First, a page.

A breakdown of the proposed immigration reform

On Behalf of | Jan 29, 2018 | US Immigration Law

For months, we’ve been hearing talk of a possible end to the Deferred Action for Childhood Arrivals program (DACA)—the federal program initiated five years ago which protects undocumented immigrants who entered the U.S. prior to their 16th birthday from deportation. Last September, President Trump announced his intention to shut down DACA protections. Beneficiaries of the program have been nervously holding their breath ever since.

In a new immigration proposal, the current administration is now showing leniency to the young immigrants protected under DACA. To these 700,000 immigrants, it’s offering a pathway to citizenship. But in exchange, it’s doubling down own immigration restrictions for other groups. In particular, it aims to:

  • Cut immigrant family sponsorship. Immigrants will only be able to sponsor their spouse and minor children to come to the U.S. Older children, siblings and parents will be exempt.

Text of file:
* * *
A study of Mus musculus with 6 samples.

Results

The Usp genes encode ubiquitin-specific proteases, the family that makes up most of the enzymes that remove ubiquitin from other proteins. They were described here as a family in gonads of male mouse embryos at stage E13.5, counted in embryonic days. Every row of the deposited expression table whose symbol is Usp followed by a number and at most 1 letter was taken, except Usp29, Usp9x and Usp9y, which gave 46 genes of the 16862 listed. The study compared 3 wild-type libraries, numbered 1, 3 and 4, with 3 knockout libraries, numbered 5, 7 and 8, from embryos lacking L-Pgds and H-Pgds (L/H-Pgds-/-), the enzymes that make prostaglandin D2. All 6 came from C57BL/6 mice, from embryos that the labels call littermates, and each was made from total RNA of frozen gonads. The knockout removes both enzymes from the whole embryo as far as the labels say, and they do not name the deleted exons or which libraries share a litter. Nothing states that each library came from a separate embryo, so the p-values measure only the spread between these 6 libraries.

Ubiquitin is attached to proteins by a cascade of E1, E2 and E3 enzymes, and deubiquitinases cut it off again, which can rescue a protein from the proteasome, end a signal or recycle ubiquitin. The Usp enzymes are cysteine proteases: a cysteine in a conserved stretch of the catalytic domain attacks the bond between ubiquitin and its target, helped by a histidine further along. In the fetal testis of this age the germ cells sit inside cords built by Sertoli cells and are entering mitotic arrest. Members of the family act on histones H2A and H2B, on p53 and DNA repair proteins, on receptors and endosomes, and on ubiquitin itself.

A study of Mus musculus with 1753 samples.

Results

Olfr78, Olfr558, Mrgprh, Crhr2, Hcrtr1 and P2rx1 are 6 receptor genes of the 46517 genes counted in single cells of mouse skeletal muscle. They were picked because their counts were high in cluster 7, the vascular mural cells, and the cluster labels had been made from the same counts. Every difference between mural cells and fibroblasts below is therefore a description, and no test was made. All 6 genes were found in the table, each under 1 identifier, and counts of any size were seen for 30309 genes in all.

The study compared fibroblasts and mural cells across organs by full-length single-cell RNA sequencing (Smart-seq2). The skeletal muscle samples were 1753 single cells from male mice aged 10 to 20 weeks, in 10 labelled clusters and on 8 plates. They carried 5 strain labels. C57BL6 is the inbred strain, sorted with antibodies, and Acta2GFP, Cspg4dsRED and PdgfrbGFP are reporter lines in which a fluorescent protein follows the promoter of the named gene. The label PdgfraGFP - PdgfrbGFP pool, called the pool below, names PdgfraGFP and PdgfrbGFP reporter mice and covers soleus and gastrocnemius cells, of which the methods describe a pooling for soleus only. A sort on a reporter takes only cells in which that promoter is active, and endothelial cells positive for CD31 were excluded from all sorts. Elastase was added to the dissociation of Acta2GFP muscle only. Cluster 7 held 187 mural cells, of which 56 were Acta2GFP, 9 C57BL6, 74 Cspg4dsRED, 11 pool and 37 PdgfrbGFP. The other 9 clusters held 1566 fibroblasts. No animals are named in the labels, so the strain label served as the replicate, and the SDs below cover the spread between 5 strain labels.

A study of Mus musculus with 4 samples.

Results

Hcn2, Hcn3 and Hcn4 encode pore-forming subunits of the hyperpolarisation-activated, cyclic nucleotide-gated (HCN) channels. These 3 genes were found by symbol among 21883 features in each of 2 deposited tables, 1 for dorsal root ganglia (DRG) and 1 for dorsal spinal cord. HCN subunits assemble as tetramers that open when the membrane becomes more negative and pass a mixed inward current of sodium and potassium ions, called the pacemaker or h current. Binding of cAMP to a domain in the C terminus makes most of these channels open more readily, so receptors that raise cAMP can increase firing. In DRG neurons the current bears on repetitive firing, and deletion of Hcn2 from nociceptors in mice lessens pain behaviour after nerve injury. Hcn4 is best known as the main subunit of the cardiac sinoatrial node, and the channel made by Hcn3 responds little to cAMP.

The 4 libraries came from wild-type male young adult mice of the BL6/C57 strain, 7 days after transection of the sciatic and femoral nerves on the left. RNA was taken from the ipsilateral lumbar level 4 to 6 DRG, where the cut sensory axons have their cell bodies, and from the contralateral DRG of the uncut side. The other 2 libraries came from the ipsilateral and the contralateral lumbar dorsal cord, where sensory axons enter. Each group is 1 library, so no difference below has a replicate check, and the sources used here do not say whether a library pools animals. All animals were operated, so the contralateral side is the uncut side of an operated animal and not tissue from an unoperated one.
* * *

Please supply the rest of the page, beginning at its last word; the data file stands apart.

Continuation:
• Ramp up border security. The administration is seeking to obtain $25 billion in funding to build a wall on the border between the U.S. and Mexico as well as reinforce protections between the U.S. and Canada.
  • Expedite the deportation for undocumented immigrants from countries other than Mexico and Canada.
  • Terminate the visa lottery program for immigrants from certain countries.

Critics of the proposed plan have been vocal. Immigration advocates have condemned it for providing opportunities for illegal immigrants but cutting legal immigration. Anti-immigration parties have expressed concern with providing “amnesty” to illegal immigrants.

The protections under DACA are due to expire in March. The inability of the senate to reach an immigration agreement led to the three-day government shut-down earlier this month. We will wait to see what comes of this debate.